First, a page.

Tell me a story

by Katie on August 12, 2015

So, as I’ve mentioned, once or twenty times lately, we took away Leyton’s pacifier at the end of June. My apologies for continually bringing it up, but it’s still a pretty big deal around here. While she quit asking for it after the first week or so, we still haven’t returned to the normal, blissful sleep habits we were used to in this house.

Things got better for a little bit, then reverted back to awful, and we’re currently somewhere in between. She does go to sleep at all naptimes now (instead of staying in her room awake for them), and bedtime, while still much longer and more dramatic than the 37 seconds it used to take, is shorter than the three hours it was taking the first week.

Roughly two weeks ago, Brandon had the brilliant idea one evening he took over bedtime (because this became necessary for awhile to keep Mama from losing her mind, and she seemed to be more willing to let him go at night than with me) to offer to tell her a story to help her relax. And you what? It worked. Like a charm.

When he was done, we high-fived and talked about how awesome he was and what a good idea he had. Because that night, it meant everyone was asleep, in their own beds, with minimal drama.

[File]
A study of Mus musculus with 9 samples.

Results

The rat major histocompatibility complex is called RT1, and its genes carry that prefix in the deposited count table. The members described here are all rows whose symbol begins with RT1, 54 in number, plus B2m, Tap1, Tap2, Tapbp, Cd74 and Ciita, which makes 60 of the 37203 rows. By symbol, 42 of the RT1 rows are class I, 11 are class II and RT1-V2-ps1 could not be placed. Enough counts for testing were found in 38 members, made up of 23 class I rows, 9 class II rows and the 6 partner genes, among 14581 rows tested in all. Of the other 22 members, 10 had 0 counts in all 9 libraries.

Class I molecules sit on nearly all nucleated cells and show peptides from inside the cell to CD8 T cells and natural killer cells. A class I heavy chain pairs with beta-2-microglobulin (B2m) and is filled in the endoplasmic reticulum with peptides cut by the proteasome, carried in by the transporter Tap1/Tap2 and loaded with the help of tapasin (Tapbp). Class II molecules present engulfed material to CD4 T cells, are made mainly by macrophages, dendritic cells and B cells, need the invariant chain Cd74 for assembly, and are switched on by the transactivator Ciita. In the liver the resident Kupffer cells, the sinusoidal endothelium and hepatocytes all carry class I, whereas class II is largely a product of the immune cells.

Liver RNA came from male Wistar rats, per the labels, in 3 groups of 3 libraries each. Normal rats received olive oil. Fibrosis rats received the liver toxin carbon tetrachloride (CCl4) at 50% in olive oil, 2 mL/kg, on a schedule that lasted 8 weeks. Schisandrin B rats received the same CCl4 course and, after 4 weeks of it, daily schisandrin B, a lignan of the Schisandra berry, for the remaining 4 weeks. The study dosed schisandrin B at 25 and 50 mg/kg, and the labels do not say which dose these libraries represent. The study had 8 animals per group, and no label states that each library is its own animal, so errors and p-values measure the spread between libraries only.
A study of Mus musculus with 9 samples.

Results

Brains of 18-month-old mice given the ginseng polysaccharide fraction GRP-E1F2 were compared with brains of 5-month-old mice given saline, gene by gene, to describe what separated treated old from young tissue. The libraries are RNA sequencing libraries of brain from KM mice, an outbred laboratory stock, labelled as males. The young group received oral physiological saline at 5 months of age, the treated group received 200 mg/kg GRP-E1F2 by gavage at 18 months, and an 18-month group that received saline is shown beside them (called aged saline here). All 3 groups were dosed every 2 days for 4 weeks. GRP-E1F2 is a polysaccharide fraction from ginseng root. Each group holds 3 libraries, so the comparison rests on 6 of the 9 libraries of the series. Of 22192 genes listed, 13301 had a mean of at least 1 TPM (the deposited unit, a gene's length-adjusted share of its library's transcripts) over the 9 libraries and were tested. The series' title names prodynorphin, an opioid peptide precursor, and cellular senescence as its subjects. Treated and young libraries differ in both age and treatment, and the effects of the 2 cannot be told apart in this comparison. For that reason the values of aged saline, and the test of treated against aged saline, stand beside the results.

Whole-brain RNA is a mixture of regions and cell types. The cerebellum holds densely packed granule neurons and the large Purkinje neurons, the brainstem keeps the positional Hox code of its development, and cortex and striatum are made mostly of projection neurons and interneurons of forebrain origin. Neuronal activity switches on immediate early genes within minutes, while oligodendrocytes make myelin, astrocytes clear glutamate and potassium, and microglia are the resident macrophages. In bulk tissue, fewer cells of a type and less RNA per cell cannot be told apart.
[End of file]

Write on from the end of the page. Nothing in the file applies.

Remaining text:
Two weeks later, let’s just say we’re not high-fiving over it anymore.

More like, taking turns exchanging an, “Ugh! It’s your turn for the story tonight!”

And at least I can always throw in a, “Hey, you started this.”

One of the very first nights Brandon told her a story, he had to tell her, “Let me think about it for a minute first.” Because did I mention she also selects and demands the person we’re supposed to tell the story about? The most common requests are for Mama, Daddy, Ga-Gan, or “your MeMe, Mama.”

Anyway, she picked right up on the whole “think about it,” thing, and now, every night, after we lay her down in her bed, she tells us, “Tell me a story. But fink about it first!” And if we start too soon, she stops us and says, “No! You have to fink about it first!”

Sunday morning, Brandon turned the table on her. He told her, “Tell us a story, Leyton. But think about it first!”

And she said, “Um…let me fink about it…okay, I got it…no, let me fink about it…okay, I’m ready. One day, …there was a daddy. Right there. And now I’m done!”

But that same morning on the way to church, we talked about how even though it can be frustrating at the end of the day, it’s just a phase. Because everything is. And one day, we’ll be driving to church asking each other when the last time was that she asked either of us to tell her a story. And then we’ll be sad it’s all over. Parenting. It constantly pulls you in opposite directions.